In April 2016, the Department of Labor (DOL or Department) finalized its controversial and long-awaited “Fiduciary Rule,” a sweeping expansion of government authority that fundamentally disrupts the way in which Americans save for retirement. Throughout the rulemaking process, the U.S. Chamber warned that the Fiduciary Rule was built upon a mountain of flawed data and analysis, and would harm the very people it was purported to protect by raising costs and limiting investment options.
Unfortunately for the millions of Americans who rely on the private savings market for their retirement, our concerns are coming true. The theoretical academic exercises underlying the Rule are giving way to hard evidence, and the evidence is coming in showing that the rule is harming American investors. This new data, based on actual experience, demonstrates that the DOL’s original predictions were wrong. This data indicates that the DOL underestimated the negative effects of the rule, particularly in reducing access to advice for small retirement savers and small businesses.
This report is a compilation of survey statistics and other data that was submitted by various organizations in response to a DOL recent comment period, in response to the February 3, 2017 Presidential Executive Order, on the Fiduciary Rule. The Executive Order directed the Department to review the impact of the Fiduciary Rule on retirement savers’ access to investment products and services. We believe this information should be helpful to the Administration, Congress, and policymakers as they explore ways to mitigate the negative ramifications of the Fiduciary Rule and promote a robust retirement savings market.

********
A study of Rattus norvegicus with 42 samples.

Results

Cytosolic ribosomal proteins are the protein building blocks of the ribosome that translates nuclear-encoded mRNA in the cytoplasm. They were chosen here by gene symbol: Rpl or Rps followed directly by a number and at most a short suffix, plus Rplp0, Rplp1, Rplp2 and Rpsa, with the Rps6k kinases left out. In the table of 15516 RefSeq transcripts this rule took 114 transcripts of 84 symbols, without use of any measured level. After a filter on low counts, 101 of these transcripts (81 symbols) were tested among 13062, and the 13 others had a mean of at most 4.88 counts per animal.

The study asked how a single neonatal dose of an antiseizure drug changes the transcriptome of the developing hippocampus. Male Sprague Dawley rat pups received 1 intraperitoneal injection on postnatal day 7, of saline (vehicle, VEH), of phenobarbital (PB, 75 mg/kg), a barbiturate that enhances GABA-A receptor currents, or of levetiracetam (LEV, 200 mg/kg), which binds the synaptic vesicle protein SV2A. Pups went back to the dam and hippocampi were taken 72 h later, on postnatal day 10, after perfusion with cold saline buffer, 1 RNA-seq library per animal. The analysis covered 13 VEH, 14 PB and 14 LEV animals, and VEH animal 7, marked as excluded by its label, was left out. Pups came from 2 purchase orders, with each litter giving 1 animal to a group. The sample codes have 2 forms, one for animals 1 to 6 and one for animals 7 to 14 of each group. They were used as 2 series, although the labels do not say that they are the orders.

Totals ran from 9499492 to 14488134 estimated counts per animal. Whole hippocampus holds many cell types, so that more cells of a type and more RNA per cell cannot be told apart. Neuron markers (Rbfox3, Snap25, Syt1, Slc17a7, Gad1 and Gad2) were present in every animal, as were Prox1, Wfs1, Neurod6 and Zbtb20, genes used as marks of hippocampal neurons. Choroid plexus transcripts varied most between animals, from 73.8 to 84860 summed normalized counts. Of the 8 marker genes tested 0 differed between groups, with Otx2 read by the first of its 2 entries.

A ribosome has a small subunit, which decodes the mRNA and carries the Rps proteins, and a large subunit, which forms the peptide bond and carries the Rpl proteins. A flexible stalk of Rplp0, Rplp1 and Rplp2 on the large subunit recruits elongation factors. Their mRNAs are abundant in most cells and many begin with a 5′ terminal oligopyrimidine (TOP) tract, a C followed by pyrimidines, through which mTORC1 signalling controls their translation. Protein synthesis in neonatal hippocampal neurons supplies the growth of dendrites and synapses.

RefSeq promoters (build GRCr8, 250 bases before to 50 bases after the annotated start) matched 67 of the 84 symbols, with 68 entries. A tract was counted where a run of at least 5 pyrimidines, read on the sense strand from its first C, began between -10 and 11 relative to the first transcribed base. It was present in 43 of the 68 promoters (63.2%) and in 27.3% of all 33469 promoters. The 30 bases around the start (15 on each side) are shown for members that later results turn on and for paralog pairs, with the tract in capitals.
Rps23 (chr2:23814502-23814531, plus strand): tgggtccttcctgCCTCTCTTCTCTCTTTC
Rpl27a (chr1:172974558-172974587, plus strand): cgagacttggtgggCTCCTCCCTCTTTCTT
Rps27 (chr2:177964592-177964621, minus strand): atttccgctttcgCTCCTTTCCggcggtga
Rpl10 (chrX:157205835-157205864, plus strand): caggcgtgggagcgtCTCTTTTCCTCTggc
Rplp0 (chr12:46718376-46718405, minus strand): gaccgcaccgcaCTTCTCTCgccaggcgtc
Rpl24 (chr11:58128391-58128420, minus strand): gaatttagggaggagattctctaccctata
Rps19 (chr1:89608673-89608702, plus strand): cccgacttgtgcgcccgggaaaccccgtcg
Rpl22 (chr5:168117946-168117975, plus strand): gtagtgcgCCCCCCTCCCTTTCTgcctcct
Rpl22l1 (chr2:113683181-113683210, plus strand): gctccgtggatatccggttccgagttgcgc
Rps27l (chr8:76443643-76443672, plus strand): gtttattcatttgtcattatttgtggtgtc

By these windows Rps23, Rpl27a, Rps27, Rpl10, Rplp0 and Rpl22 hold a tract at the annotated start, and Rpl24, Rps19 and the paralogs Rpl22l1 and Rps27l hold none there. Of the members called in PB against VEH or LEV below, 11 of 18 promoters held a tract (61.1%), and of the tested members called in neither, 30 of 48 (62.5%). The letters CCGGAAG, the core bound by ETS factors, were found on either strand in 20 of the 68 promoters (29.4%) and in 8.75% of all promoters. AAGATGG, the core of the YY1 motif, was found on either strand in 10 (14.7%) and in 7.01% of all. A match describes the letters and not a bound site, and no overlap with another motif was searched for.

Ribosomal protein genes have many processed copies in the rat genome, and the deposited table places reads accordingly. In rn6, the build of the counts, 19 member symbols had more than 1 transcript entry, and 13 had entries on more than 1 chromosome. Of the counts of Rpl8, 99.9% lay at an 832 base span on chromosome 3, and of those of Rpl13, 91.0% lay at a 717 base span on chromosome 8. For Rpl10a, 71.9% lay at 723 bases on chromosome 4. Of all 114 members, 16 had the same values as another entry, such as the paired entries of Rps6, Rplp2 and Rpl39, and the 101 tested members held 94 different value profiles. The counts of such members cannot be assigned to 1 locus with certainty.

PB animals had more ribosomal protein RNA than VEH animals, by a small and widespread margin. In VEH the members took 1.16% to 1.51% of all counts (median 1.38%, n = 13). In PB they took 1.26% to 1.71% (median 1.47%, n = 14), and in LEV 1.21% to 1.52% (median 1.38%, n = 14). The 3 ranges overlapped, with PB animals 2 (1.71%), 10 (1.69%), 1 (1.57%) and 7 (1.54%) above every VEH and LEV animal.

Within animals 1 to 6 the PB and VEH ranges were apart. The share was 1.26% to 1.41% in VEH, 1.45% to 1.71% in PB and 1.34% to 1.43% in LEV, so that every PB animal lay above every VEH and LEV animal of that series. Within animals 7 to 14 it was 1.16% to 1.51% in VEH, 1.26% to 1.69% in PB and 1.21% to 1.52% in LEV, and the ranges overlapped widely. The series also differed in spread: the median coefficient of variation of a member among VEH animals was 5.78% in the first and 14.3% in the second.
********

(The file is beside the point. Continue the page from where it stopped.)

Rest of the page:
Some examples from the report include:
- 92% of firms surveyed say that the Rule could limit or restrict investment products for their customers, which could ultimately effect some 11 million households
- Up to 7 million individual retirement account (IRA) owners could lose access to investment advice altogether
- A survey of insurance service providers shows 70% already have or are considering exiting the market for small balance IRAs and small plans, and half are preparing to raise minimum account requirements for IRAs
- A survey of advisors finds 71% will stop providing advice to at least some of their current small accounts due to the risk and increased costs of the rule
- Other surveys found that 35% of advisors will stop serving accounts under $25,000, and 25% will raise their client minimum account thresholds
- One large mutual fund provider reports that its number of orphaned accounts nearly doubled in the first three months of 2017, and that the average account balance in these orphan accounts is just $21,000. Further, it projects that ultimately 16% of the accounts it services will be orphaned this year because of the Fiduciary Rule
We believe this report will help show that the Rule was a policy mistake and that the DOL has overstepped both its jurisdiction and its expertise. The Chamber looks forward to working with the DOL, Congress, and the Securities and Exchange Commission (SEC) to develop an alternative and permanent solution that will restore the ability of Americans to save for a dignified retirement.
Check out the report’s accompanying infographic here.